The issues of broadcasters not looking forward to the second digital transition that would be prompted by the FCC’s planned auction of much of their spectrum have been overtaken by a political battle over what to do with that reclaimed spectrum. This could push any decision that much further down the road.
Most broadcasters, not surprisingly, continue to focus on how much spectrum they will be left to use for things such as mobile DTV, particularly after the announcement two weeks ago of their first wireless carrier deal, with MetroPCS. But the spectrum fight on the Hill has become a political power struggle over who should control the auction of that spectrum to wireless, the FCC or Congress.
Having agreed to allocate, rather than auction, spectrum for an emergency broadband communications network, a concession that appeared ready to align the bill with a Senate version, the Republican-controlled House approved amendments to its version of the spectrum bill in December. The bill would prevent the FCC from applying conditions on the auctions related to who could bid, along with how the spectrum could be used. It also would set a timetable for first responders to give up their landline spectrum, which has opposition groups chaffing at the bill.
At the Consumer Electronics Show last week, FCC chairman Julius Genachowski said that the FCC needed to be free to structure the wireless auctions as it sees fit. “The costs of tying our hands could be devastating in the fast-moving and competitive global economy,” he preached to an association that has been four-square behind taking spectrum back from broadcasters. “Allocating spectrum by statute is problematic not only because it prejudges the future in an essentially irreversible way… [but] because it preempts an expert agency process….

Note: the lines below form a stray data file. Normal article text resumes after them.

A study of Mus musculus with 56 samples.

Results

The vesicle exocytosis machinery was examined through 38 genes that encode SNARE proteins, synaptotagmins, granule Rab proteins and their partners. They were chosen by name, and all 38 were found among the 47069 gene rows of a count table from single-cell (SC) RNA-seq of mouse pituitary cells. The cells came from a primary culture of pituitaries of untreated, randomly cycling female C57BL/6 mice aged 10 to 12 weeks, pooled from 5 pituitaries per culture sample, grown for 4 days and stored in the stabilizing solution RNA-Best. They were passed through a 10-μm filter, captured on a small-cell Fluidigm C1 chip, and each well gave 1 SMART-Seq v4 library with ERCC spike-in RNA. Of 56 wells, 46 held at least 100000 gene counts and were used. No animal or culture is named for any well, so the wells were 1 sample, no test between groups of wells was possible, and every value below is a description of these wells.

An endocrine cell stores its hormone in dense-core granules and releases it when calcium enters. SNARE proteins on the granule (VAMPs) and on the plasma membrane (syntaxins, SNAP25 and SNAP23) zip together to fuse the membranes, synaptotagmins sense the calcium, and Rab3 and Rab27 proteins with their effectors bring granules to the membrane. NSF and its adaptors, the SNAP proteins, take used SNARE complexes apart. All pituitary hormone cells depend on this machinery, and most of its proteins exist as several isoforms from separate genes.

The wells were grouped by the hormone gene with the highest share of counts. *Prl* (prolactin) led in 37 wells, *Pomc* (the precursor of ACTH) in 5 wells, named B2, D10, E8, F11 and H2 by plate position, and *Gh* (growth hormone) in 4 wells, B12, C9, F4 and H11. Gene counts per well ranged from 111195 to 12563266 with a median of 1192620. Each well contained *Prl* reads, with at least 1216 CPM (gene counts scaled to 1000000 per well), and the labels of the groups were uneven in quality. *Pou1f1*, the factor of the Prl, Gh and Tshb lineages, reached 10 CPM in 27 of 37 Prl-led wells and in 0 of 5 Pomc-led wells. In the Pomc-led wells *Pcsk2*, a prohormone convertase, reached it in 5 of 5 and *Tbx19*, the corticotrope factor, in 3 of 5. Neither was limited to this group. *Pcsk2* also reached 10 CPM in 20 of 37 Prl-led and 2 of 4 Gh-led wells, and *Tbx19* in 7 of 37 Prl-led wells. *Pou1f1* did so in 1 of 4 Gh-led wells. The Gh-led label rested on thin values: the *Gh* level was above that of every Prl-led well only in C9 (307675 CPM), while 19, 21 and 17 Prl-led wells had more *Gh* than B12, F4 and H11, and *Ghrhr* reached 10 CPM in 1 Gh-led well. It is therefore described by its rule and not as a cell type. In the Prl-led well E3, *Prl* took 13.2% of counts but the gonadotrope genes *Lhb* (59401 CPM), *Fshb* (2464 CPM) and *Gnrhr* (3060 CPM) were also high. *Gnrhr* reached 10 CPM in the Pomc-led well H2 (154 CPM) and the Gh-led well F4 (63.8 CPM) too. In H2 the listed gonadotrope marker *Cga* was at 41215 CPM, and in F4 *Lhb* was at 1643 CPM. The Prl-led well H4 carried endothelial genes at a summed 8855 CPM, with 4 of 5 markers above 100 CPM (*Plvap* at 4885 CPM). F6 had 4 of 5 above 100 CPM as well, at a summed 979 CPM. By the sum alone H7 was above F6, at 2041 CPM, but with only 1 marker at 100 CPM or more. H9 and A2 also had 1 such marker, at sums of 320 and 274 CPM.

“Congress will make a decision on incentive auctions by March 1,” the chairman continued, referring to the deadline for action on the long-term revenue-raising/ spending cutting bill, set by the stop-gap measure that did not include incentive auctions. But political gridlock could alter the timetable on that decision as well.
Genachowski’s assertions at CES about FCC power rubbed House Republicans the wrong way. In response to his comments, House Energy and Commerce chairman Fred Upton (R-Mich.) said, “It sounds like we have a federal agency more concerned about preserving its own power than offering serious improvements as we prepare to finalize this legislation.” AT&T, in a blog post, suggested the FCC’s push for condition authority might be aimed its way.
Upton added that while the bill gives the FCC the flexibility it needs to conduct the “mechanics” of the auctions, “it’s time to stop the FCC from engaging in political mischief” that will “steal money from taxpayers’ coffers.” That was a reference to yet another issue that has thrown a wrench into the works. The Republicanpassed House bill would limit the FCC’s ability to set aside more spectrum for wireless use, a non-starter with many Democrats, as well as with the FCC, given the rise in Wi-Fi hotspots that use unlicensed spectrum.
Meanwhile, broadcasters’ fate continues to hang in the balance.